Cristo in luoghi ordinari

(tr. Christ in ordinary places)

A couple of months ago I was In Florence where I had been invited by the Methodist Church to go and make some art. It was a real privilege, but a daunting prospect.  

The city itself is astounding, with world class art and architecture to be seen at every turn. I spent the first couple of days wandering around bewildered at the beauty. Overwhelmed by the creative exuberance and skill of the Renaissance I was left stuck with a sense that it was impossible for me to make art here.

Nevertheless, I’m becoming more tuned into the dynamics of the creative process and waited for the creative spark to come. A waiting which, I guess, is an act of faith. As I waited It began to feel like the intense beauty was beating me over the head; after all, much, if not all of the art and architecure on display was made as symbols of power, wealth and control. So I turned away from the Cathedrals, statues and Renassance frescoes and started to look at the dirty little corners and the strange little cracks in the city. And I started to look downwards at the gutters with their fag ends and away from the crowds at the crumbling plaster walls down back alleyways.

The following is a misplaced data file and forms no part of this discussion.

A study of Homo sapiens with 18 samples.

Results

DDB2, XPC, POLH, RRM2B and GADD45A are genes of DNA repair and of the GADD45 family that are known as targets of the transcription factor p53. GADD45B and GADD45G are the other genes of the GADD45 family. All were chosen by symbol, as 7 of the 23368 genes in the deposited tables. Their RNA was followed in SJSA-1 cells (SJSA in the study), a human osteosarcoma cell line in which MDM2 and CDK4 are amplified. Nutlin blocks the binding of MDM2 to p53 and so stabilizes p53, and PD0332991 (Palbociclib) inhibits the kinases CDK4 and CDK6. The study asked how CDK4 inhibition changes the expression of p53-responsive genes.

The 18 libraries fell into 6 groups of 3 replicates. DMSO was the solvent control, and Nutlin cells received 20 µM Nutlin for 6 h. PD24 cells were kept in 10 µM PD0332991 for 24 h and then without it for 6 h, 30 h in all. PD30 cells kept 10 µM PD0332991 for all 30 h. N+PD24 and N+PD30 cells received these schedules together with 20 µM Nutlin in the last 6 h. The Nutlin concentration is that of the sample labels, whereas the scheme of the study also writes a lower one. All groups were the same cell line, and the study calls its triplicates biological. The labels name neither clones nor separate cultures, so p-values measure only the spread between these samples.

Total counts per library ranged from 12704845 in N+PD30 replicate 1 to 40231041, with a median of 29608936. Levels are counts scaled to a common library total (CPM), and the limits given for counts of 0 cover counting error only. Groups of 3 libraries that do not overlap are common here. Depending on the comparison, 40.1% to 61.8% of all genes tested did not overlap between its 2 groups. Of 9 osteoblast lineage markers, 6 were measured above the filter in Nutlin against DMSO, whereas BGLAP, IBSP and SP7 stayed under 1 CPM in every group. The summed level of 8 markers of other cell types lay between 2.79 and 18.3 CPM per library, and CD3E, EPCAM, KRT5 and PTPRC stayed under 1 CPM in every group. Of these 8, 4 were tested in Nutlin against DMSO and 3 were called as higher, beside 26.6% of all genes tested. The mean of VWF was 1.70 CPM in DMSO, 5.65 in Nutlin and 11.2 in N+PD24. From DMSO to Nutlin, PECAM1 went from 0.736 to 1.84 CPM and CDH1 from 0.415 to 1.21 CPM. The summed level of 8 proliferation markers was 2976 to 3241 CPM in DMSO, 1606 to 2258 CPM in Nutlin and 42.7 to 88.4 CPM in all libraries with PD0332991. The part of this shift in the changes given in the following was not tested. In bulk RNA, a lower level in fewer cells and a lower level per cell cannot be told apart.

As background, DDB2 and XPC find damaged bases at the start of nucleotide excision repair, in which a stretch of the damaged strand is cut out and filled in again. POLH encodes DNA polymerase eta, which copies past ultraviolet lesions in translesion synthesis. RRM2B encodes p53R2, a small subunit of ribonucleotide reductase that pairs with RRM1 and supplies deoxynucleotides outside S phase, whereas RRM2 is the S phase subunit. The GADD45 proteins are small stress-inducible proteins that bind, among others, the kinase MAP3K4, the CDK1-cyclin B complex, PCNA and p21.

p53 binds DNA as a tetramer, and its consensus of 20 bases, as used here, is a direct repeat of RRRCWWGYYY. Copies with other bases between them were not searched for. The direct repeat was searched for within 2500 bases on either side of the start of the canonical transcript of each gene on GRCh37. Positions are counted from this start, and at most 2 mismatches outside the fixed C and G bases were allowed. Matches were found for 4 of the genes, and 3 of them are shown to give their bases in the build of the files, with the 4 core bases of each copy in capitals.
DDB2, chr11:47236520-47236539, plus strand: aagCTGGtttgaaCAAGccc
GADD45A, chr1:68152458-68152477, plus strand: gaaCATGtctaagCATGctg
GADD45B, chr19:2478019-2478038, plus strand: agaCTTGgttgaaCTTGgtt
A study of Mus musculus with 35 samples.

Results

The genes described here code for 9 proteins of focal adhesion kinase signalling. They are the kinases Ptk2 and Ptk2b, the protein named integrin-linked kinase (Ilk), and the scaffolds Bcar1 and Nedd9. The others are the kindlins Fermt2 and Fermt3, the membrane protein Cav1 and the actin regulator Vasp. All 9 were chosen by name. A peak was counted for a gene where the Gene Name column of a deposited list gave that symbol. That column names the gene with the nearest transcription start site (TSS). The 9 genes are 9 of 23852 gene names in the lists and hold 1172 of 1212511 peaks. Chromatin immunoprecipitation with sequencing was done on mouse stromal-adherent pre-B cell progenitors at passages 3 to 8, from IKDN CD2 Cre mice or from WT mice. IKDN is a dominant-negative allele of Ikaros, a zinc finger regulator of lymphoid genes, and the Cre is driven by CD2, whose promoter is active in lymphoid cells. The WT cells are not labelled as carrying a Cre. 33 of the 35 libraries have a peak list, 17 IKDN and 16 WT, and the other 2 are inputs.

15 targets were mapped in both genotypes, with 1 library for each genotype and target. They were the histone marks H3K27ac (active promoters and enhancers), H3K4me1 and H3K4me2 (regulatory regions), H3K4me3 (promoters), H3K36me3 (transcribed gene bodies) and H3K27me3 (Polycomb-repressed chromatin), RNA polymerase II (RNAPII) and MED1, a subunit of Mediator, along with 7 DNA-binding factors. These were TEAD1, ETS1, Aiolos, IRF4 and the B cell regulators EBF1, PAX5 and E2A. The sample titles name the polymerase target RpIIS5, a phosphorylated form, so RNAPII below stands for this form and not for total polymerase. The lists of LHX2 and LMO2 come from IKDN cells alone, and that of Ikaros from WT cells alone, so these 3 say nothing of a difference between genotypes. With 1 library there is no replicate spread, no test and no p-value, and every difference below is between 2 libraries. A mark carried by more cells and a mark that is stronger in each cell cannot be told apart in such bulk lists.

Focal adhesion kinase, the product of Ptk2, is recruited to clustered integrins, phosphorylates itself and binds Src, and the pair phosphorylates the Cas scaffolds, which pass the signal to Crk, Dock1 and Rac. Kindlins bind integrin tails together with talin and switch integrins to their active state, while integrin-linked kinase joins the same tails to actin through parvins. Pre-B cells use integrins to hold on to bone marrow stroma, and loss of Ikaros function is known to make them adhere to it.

It seems to me that the Jesus I experience would be more at home in the grimy forgotten corner than in the Uffizi or the Duomo.

I fall short of Michaelangelo, Da Vinci et al by a million miles but these photographs of my image of Christ on discarded cardboard that I made whilst I was over there are my fumbling attempts to begin to explore what it might mean to find him in the ordinary places. In many of the photos if I had moved my camera by a few degrees you could have seen one of the many great sites and wonders of Florence. That’s where everyone elses cameras were pointing and I hope they found what they were looking for; I chose to look elsewhere.